Battle for Baghdad: fighting at airport, fleeing civilians
As US troops move to cordon off the Iraqi capital, some Republican Guard forces retreat into the city.
OUTSKIRTS OF BAGHDAD — The Army's 3rd Infantry Division fought its way to the southern and western outskirts of Baghdad Thursday, advancing one of the prime missions of the war: the cordoning off of the Iraqi capital. Two division brigades and the 3-7 Cavalry Squadron moved in to block major highways leading into the capital and also to seize Baghdad International Airport.
Backed by artillery and close air support from Apache helicopters, they battled throughout the day with Republican Guard and Special Republican Guard forces massed in the south to defend the exit routes.
Iraqis at the airport were using air- defense artillery against the US forces in an effort to hold the airport. By evening, one 3rd Infantry Division soldier had been killed and several others wounded by shrapnel and small-arms fire.
"We will probably fight all night for this. This is the biggest fight of the war," says Lt. Col. Woody Radcliffe, commander of a division operation center. "This will seal Baghdad from the south and southwest, so we won't let anyone in or out."
In some areas, the enemy was retreating and Iraqi soldiers were seen dropping their AK-47s and fleeing. There were reports of up to 400 Iraqis surrendering at one time. "Some soldiers changed into civilian clothing and left behind their uniforms," said Maj. Reg Neal, who monitored the division's command network.
As US forces approached Baghdad from the south, "a lot of Iraqi vehicles were abandoned," he says. Also left behind by the Iraqis were 155-millimeter howitzers.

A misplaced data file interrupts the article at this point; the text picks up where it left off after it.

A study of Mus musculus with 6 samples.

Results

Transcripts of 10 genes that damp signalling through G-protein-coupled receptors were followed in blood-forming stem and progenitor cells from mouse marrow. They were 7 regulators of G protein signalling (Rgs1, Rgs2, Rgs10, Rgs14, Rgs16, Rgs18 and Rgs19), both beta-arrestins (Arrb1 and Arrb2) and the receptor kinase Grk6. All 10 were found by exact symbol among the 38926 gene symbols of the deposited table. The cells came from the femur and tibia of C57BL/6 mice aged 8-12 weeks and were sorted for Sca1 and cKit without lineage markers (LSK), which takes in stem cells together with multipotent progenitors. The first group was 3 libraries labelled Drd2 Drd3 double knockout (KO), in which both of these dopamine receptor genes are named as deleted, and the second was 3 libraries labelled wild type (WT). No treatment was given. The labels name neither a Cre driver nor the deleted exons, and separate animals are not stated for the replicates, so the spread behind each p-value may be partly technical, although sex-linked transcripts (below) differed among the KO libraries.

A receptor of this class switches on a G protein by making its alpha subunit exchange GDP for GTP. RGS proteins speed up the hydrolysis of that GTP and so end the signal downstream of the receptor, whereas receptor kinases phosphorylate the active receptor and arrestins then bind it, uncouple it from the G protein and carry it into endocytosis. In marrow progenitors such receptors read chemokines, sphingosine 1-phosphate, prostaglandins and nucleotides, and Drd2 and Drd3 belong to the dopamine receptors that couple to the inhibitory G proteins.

Indeed, Thursday's fight indicated that many fighters most loyal to Iraqi leader Saddam Hussein were retreating into Baghdad, possibly to prepare for a last stand there.
"Outside Baghdad, there has been sporadic and disorganized opposition" from Iraqis mainly firing RPGs, mortars, and small-arms weapons, Major Neal said.
As US forces descend on Baghdad, the stakes have increased significantly for Mr. Hussein, should he choose to use chemical weapons. Such weapons would likely kill many more Iraqi soldiers and civilians than US troops, especially if the prevailing winds are toward the north over the city, US intelligence officers say.
"He has missed his window of opportunity," says one officer. He noted that US forces are now far north of the "red line" beyond which Hussein had allegedly threatened to use chemical weapons.
Thursday began with the 3rd Infantry Division crossing the bridge secured over the Euphrates River. Heading north, the armored and mechanized infantry battalions moved to clear areas surrounding a major highway leading directly into Baghdad.
At one point, however, a live television broadcast of the combat caused alarm among commanders when a US tank was struck by Iraqi RPG fire.
Officers tracking the battle heard the strike reported over the military radios just as others watched it unfold on television in the next room.
"We need to stop the live Fox news feed immediately," a division commander ordered. "You can see locations from the feed," he said over the command network.
Terrain features depicted in the broadcast, as well as cellphone communications, were giving the Iraqis too much information on the battle, officers said.
As US forces rolled into the more densely populated outskirts of Baghdad, problems also arose with Iraqi civilians trying to flee the fighting. One truckload of Iraqis, including children, mistakenly ran into a tank of the 3-7 Cavalry. At least two Iraqis were injured and were being treated by squadron medics.
The battle on Thursday marks the beginning of a drive by US ground forces, including the Marines, to completely isolate Baghdad.
Once the city is cordoned off, "We'll turn to the next focus: Getting rid of Saddam Hussein," says Maj. Edwin Collins of the division operations center.